The Get up Kids


The Get up Kids (1995-2005, 2008-present): a Emo band from Kansas City, Missouri, USA.


merican rock band The Get Up Kids formed in 1995 after high school mates, brothers Ryan (drums) and Rob Pope (bass), along with Jim Suptic (guitar) formed a short-lived band called Kingpin. Matt Pryor (vocals) had been writing songs since he was a teenager, and was currently in a band called Secret Decoder Ring. Following the demise of the two bands in 1995, The Get Up Kids formed with Pryor. The band originally planned on calling themselves "The Suburban Get Up Kids", until reasoning that there were fewer band names beginning with the letter 'G' than there are with the letter 'S', and that they were more likely to be noticed in a record store if their name began with a 'G'! The band was formed on October 14, 1995; Suptic's 18th birthday.

It is important to note, however, that the band's original line-up did not actually include Ryan Pope, but featured Thomas Becker instead. However, Becker soon left for college in California, and was replaced by Nathan Shay, who was attending school with Suptic but due to an unwillingness to tour, Shay was replaced by Ryan Pope in April 1996.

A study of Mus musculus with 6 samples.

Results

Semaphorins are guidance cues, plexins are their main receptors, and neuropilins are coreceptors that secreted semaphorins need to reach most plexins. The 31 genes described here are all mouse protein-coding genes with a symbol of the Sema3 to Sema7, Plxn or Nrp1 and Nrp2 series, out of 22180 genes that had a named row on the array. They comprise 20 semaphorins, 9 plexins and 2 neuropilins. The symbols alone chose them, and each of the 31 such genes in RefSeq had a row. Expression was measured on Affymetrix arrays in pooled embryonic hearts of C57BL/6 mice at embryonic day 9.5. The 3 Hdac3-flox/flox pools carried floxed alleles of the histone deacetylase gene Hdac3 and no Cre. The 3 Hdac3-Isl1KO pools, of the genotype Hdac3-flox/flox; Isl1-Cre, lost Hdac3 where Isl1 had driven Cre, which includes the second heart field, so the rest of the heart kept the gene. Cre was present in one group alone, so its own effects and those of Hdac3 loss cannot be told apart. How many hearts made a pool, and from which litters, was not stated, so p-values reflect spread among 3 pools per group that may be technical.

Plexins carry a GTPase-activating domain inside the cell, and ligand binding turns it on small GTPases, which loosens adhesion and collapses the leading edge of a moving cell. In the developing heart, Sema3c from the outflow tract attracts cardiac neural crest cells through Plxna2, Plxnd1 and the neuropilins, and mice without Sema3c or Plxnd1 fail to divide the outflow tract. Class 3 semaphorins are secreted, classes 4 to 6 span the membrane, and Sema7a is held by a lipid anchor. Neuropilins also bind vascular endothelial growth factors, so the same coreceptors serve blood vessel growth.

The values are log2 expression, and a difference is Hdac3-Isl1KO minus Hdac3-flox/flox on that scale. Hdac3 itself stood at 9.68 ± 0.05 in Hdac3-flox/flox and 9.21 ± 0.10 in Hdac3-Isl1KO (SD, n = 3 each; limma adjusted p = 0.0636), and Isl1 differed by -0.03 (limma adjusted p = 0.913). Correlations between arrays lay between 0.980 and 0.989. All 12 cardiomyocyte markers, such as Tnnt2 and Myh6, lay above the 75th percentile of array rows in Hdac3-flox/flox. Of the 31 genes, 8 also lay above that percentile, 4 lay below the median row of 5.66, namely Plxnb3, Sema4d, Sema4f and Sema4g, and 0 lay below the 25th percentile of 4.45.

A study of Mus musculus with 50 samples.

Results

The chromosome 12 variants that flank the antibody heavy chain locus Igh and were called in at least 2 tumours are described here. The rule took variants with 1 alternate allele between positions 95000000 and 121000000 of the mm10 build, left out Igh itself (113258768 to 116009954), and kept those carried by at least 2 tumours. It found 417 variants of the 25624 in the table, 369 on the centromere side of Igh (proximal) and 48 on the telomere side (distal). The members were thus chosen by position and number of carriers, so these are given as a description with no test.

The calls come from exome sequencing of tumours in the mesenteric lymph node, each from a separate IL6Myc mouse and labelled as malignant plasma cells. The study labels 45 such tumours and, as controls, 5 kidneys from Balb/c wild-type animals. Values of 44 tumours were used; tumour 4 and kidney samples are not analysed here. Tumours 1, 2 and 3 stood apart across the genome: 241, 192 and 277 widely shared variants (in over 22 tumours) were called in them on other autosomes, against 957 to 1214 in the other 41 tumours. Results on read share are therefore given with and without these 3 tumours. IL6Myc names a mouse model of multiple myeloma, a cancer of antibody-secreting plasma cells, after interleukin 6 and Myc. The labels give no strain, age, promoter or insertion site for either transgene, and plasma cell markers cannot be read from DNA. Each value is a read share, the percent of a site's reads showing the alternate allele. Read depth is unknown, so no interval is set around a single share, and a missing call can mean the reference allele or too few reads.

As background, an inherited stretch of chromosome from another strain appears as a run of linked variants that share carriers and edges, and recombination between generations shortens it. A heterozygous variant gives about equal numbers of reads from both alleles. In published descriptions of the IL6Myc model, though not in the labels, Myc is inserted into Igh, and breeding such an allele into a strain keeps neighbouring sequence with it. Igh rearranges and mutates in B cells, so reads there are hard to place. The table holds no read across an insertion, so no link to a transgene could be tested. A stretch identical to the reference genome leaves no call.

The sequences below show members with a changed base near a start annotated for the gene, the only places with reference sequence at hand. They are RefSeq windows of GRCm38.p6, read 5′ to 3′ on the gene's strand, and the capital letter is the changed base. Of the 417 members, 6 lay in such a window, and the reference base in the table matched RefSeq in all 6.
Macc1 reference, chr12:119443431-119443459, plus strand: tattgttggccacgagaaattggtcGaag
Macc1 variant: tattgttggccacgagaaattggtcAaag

The act would become a major player in the mid-1990s Midwest emo scene, otherwise known as the "second wave of emo music". They soon would be touring with bands like Green Day and Weezer before becoming headliners themselves, eventually embarking on international tours. They founded 'Heroes & Villains Records', an imprint of indie label 'Vagrant Records'. While the imprint was started to release albums for the band themselves, it served as a launching pad for several side-projects like The New Amsterdams and Reggie and the Full Effect.


Due to internal conflicts, the band broke up in 2005. Three years later, the band reunited to support the tenth anniversary re-release of Something to Write Home About. In early 2010, the band released Simple Science, their first release in six years, followed by There Are Rules (2011) and Problems (2019).